A DETAILED ANALYSIS of law firm staffing patterns over the years reveals variations in the ratios of partner, associate and paralegal time that cannot be explained except by a partner’s preference for how to staff different matters for different clients.
These idiosyncrasies should be of significant interest to both law firm leadership and to corporate and institutional consumers of legal services. Law firm leadership should understand the extent to which partners under-leverage the time of associates at all levels of experience, of paralegals, and even of less senior partners. Proper leverage on each file is central to law firm profitability.
More often than not, everyone in the legal food chain can readily delegate 20% of the work to the next band of experience. In most instances, this means delegating certain tasks rather than entire files. But this requires planning and teamwork. Associates must do more than meet formal and informal billing targets, and firms should be more explicit in setting leverage objectives for individual partners. A core business responsibility of practice group leaders should be to ensure that partners delegate enough tasks to associates and paralegals, appropriate to the complexity of the work.
General counsel should take a keen interest in the staffing patterns of the law firms they retain both for individual matters and for portfolios of legal work over time. Some of the reasons for doing so are the same as the ones that preoccupy law firm managing partners: turnaround time, knowledge transfer and stable legal teams.
However, the financial imperatives differ for the law firm’s clients. The cost of a matter can be as much as 15% less, depending on the extent of delegation. In recent years, law departments have been asking for detailed matter budgets for complex work beginning with files requiring at least 50 hours. The distribution of work by phase and task and by fee earner is now an established process in most firms. Yet, too few clients are rigorous in requesting and diligently reviewing matter plans and budgets.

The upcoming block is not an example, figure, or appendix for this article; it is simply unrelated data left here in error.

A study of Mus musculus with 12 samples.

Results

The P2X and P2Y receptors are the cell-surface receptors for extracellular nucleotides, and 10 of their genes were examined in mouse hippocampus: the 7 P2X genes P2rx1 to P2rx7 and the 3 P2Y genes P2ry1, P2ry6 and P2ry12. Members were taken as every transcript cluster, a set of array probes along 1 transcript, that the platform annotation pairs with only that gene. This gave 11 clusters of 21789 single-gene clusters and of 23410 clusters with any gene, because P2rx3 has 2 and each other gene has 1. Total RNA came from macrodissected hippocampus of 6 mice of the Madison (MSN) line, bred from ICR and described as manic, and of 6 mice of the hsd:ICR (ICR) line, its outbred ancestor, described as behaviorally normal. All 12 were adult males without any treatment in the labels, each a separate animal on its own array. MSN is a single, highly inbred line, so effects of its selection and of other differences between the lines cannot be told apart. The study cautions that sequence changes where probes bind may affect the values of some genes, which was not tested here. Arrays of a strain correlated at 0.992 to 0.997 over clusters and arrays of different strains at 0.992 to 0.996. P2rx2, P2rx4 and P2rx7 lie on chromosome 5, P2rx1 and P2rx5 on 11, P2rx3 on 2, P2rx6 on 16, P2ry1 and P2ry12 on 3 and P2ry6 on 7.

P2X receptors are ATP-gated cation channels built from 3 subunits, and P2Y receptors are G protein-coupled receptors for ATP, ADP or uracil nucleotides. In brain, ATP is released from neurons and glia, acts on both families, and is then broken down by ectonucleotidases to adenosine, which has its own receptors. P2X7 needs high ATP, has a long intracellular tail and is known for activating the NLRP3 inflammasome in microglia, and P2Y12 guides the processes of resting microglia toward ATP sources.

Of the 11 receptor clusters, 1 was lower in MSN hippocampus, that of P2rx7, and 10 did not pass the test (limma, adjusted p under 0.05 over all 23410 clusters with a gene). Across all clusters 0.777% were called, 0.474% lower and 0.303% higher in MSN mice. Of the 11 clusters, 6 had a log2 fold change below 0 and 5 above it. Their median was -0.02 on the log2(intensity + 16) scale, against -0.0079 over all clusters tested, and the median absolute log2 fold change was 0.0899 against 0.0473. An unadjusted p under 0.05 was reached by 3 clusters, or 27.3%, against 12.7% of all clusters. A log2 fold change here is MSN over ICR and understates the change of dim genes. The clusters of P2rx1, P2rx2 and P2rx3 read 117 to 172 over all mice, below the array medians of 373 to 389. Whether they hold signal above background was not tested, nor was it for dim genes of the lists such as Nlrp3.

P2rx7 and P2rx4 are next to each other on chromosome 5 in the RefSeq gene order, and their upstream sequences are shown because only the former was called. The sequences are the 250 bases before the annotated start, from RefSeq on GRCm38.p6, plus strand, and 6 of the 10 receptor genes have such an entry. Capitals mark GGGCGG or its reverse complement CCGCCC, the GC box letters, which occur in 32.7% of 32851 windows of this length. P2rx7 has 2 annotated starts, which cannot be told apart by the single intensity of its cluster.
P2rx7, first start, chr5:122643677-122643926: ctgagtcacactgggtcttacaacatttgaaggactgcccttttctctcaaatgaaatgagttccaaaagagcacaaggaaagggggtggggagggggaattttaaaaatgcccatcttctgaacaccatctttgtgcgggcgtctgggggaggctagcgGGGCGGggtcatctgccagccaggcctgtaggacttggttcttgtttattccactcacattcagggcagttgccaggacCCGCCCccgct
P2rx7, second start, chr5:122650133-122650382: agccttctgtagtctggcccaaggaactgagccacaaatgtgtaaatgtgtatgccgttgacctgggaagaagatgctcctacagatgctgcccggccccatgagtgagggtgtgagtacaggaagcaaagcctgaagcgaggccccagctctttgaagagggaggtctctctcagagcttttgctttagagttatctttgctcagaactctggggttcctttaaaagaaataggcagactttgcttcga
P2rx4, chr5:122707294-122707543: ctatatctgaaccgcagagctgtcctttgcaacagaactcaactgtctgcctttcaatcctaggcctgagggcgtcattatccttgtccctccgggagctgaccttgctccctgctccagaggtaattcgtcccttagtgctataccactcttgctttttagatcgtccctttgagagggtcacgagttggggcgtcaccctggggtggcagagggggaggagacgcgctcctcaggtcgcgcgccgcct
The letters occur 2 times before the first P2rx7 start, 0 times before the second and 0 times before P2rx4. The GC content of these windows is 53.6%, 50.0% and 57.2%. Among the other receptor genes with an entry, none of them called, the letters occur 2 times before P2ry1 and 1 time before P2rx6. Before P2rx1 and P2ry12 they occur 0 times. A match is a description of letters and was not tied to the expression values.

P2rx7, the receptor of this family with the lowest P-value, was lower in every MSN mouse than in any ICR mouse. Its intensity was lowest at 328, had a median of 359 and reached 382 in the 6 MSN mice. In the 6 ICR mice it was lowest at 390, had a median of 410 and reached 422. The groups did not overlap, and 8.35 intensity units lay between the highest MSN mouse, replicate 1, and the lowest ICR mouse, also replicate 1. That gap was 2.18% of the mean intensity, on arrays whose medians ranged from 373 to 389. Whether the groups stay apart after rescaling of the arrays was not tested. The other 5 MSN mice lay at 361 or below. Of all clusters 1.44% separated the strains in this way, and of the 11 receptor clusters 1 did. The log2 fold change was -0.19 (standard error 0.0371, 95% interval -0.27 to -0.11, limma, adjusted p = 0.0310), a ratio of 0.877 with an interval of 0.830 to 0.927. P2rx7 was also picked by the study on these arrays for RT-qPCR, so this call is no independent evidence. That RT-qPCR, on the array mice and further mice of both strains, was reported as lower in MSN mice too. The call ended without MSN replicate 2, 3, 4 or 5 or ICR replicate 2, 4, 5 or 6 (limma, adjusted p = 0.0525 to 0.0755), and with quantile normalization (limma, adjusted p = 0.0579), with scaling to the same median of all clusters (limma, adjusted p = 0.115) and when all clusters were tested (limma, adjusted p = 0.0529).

Negotiating a blended hourly rate for all fee earners on the file helps the law firm to focus its resources on the tasks at hand, thus properly overseeing the distribution of who does what by when. The firm and the client should ensure that matter plans and blended rates reflect the relative complexity of the files. However, a discounted blended rate will not control for the number of hours. Better to agree on a capped number of hours, or on an annual fee that generates a productivity dividend — fewer hours — from the firm.
It is easier to do this when the file is large enough or with a collection of matters over time. More eggs in fewer legal baskets.
Failure to delegate tasks is a much more widespread challenge for law departments. The law firm leverage model is simply not available in-house. Counsel will work collegially enough, but individually will then do more than 90% of the work on a file, no matter how complex or simple the tasks may be. To the extent that there is any delegation by inside counsel, it will be by co-counselling with a law firm to use its associates or because the law firm has paralegals available.
I recently spent time looking at file allocation patterns and service delivery in a 38-lawyer law department. About 85% of the department’s lawyers were litigators, supported by a legal assistant for each three lawyers. Amazingly, there were no paralegals. Workloads were measured by file count without regard to any complexity levels or the mix of file types allocated to each lawyer. There appeared to be no distinction made in file allocation to entry level and senior lawyers. No targets were set for file cycle durations. All in all, this was a collection of hard-working solo practitioners.
Demographics suggest that most inside counsel have at least 10 years of practice experience.
What is the solution when there are no juniors or paralegals on board? Twinning a lawyer with another lawyer and encouraging them to divide the work — that is to say, the tasks of any given file — between them will drive productivity, with two provisos. The first proviso is that work intake and allocation must be centralized with group leaders in the law department such that workflow and deadlines are more explicit and capped. The second is that law department leadership has a system to monitor file count, file complexity, and cycle times against objectives.
General counsel and law firm leadership have much to gain by addressing the poor team-based lawyering.
Richard G. Stock, M.A., FCIS, CMC is a partner with Catalyst Consulting. For law department management advice that works, Richard can be contacted
at (416) 367-4447 or at email@example.com.